The 55th National Hockey League All-Star Game was held in Dallas, Texas, on January 24, 2007. The Western Conference was victorious, defeating the Eastern Conference 12–9. Calgary's Dion Phaneuf scored the longest empty-net goal in All-Star history when from behind his own net, he used the boards to bank the puck, which rolled into the East's vacated net.
On January 23, 2006, National Hockey League Commissioner Gary Bettman announced that the event to be held during the 2006–07 NHL season would take place at American Airlines Center, home of the Dallas Stars. The Stars were hosting an All-Star Game for the first time since 1972, when they were known as the Minnesota North Stars. The starting lines for both conferences were announced on January 9, 2007, and the full rosters were announced January 13, 2007.
This was the first NHL All-Star game since 2004. The 2004–05 NHL lockout forced the cancellation of that year's game and the 2005–06 season did not include an All-Star game due to the 2006 Winter Olympics.
This event was broadcasted by Versus, CBC and RDS.
Rory Fitzpatrick voting campaign
The fan voting process had been revised so as to allow fans to vote for their favorite players as many times as they wished. This had created a humorous fan voting campaign around Vancouver Canucks defenceman Rory Fitzpatrick, urging many to vote him into the game as a write-in candidate, designed to show that the revised system would lead to ballot box stuffing, in an effort to get the league to change the system. Despite having no points in 18 games and one point in 22 games, Fitzpatrick had surprisingly accumulated 428,832 votes, good for second-place (and a starting spot) among the defencemen when preliminary results were released. Reaction to the campaign was mixed—supporters of the campaign saw an opportunity to consider sending a hardworking but otherwise unspectacular player onto the all-star teams as recognition for their hard work, while opponents claim that it would take spots on the team away from players who generate interest in the league.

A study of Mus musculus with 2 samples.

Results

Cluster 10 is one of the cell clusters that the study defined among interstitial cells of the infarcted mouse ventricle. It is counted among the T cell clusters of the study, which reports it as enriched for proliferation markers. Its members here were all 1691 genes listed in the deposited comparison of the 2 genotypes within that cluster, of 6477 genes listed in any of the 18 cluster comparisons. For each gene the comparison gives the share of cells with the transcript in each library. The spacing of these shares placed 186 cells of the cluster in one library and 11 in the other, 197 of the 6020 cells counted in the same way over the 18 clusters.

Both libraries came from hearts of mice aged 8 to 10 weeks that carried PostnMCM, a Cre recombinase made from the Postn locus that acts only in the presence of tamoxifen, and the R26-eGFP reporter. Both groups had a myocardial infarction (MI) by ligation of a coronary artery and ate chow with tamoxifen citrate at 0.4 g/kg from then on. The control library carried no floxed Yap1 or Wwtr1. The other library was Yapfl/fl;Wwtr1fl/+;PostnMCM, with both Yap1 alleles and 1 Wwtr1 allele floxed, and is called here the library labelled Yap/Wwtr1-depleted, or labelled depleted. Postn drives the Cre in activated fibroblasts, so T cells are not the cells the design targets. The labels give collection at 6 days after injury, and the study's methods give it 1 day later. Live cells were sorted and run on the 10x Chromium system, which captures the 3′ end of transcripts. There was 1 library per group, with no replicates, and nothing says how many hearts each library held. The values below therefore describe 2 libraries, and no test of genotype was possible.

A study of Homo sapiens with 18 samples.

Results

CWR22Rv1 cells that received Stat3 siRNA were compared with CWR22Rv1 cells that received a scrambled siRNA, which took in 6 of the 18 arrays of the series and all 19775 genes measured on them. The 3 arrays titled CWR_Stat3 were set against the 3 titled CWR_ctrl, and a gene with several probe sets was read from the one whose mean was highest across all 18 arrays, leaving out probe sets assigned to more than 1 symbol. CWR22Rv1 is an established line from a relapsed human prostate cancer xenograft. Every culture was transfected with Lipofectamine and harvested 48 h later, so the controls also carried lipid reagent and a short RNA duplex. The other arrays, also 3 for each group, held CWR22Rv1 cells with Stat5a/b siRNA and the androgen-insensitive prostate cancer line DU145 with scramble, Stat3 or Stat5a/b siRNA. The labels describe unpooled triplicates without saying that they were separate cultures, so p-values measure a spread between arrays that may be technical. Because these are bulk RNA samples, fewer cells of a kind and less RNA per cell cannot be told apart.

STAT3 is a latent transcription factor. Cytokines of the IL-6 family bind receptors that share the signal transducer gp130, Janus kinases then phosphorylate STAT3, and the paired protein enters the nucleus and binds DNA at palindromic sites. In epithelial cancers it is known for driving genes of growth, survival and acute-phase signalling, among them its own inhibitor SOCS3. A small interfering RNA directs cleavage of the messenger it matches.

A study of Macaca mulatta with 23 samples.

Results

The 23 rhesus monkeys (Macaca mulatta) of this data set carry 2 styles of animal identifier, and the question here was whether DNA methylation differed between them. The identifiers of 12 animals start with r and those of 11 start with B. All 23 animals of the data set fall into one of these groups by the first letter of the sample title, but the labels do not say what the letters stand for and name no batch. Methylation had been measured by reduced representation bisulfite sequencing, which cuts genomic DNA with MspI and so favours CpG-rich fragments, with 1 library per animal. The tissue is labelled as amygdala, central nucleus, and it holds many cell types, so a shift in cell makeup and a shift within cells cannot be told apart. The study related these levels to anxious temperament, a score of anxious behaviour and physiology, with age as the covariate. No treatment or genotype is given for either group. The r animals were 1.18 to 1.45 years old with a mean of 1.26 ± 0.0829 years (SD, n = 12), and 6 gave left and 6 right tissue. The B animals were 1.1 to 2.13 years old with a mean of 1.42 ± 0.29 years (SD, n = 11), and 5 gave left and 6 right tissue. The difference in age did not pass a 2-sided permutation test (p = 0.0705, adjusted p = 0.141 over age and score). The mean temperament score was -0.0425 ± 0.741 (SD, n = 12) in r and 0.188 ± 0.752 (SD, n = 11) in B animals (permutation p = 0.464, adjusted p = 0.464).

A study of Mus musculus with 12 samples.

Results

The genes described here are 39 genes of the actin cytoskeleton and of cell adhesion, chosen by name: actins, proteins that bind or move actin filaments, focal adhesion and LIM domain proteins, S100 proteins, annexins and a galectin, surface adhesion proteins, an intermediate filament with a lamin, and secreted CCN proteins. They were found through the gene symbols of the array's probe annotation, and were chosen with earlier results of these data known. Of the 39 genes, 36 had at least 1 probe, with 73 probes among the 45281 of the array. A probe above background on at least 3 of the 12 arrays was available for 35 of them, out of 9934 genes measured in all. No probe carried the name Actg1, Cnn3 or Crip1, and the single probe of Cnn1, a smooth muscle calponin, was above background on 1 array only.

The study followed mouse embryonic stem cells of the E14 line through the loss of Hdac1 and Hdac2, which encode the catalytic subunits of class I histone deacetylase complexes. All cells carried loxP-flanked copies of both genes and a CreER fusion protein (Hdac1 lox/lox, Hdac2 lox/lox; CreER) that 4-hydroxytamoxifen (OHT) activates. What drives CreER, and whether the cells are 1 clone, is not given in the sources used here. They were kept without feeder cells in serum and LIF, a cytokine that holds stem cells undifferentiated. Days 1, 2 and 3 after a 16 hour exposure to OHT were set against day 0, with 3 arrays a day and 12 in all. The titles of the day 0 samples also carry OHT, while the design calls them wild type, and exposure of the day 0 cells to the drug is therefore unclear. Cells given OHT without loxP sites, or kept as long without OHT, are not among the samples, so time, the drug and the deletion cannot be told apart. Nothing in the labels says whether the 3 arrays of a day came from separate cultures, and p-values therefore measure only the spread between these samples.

Among notable opponents of the campaign were Phoenix Coyotes head coach Wayne Gretzky as well as Hockey Night in Canada commentator Don Cherry. Ultimately, the campaign was unsuccessful, as Fitzpatrick finished third among Western Conference defencemen and was not named as an all-star reserve. Slate suggested that Fitzpatrick had the requisite number of votes and that the NHL altered the results in reaction to ballot stuffing by an automatic script.
Criticism of season schedule
Another issue for the league heading into the all-star break was the schedule adopted as a result of the lockout: while Eastern Conference teams were content with the new schedule, Western Conference teams faced complaints over the increased travel times brought forth by the schedule and the fact that rising Eastern Conference stars such as Sidney Crosby and Alexander Ovechkin could only visit a Western Conference team once every three years. A motion by the National Hockey League's board of governors during the break to restore the pre-lockout schedule (which would have at least guaranteed one game against every other team in the league, but having two fewer divisional games) was defeated falling one vote short of the 2/3 majority needed to make the change.
New league-wide uniforms (Rbk EDGE)
Finally, the league chose to unveil the new Rbk EDGE uniform designs, which would be employed by all 30 teams in the following season. The new uniforms are designed to retain less water, potentially leading to less fatigue and improved performance. Similar designs have been employed in recent international hockey competitions. Critics of the new uniform design claim that the uniforms are more form-fitting than ever before, and that the new sweaters would not allow horizontal striping at the bottom of the sweater, a design that is a part of many current jerseys, including those of all six Original Six teams. However, some players have embraced the new uniforms, claiming that the new jerseys made them feel faster on the ice.
- Briere (Heatley, Hossa) 3:38 first
- St. Louis (Lecavalier, Rafalski) 13:07 first
- Staal (Williams, Bouwmeester) 13:43 first
- Williams (Blake) 5:19 second
- Chara (Briere, Rafalski) 6:29 second
- Ovechkin (Briere, Souray) 13:32 second
- Heatley (Briere, Hossa) 2:01 third
- Chara (Hossa, Briere) 10:37 third
- Souray (Hossa) 19:25 third
- Perreault (Rolston, Guerin) 5:08 first
- Selanne 6:17 first
- Visnovsky (Sakic, Nash) 18:55 first
- Marleau (Cheechoo, Lidstrom) 2:41 second
- Rolston 8:30 second
- Nash (Sakic, Phaneuf) 10:40 second
- Havlat (Sakic, Nash) 11:34 second
- Perreault (Guerin, Rolston) 12:47 second
- Rolston (Javanovski) 18:58 second
- Nash (Sakic, Havlat) 7:12 third
- Havlat (Smyth, Jovanovski) 18:58 third
- Phaneuf (Visnovsky) 19:48 (EN) third
|Shots on goal
||L - Cristobal Huet
||W - Marty Turco
- ^ "Dallas Stars to Host 2007 NHL All-Star Game" (Press release). Dallas Stars. January 23, 2007.
- ^ "NHL All-Star Vote Results". NHL web site. December 20, 2006. Retrieved 2006-12-20.
- ^ Vest, David (December 22, 2006). "'Vote for Rory' All-Star push irks Gretzky". The Arizona Republic. Retrieved 2006-12-30.
- ^ Botchford, Jason (December 24, 2006). "Cherry blasts fans for voting Fitzpatrick to all-star game". Victoria Times-Colonist. Retrieved 2006-12-30.
- ^ Engber, Daniel (January 18, 2007). "Rorygate - The NHL's All-Star Voting Disaster: A Slate Investigation". Slate. Archived from the original on 21 January 2007. Retrieved 2007-01-18.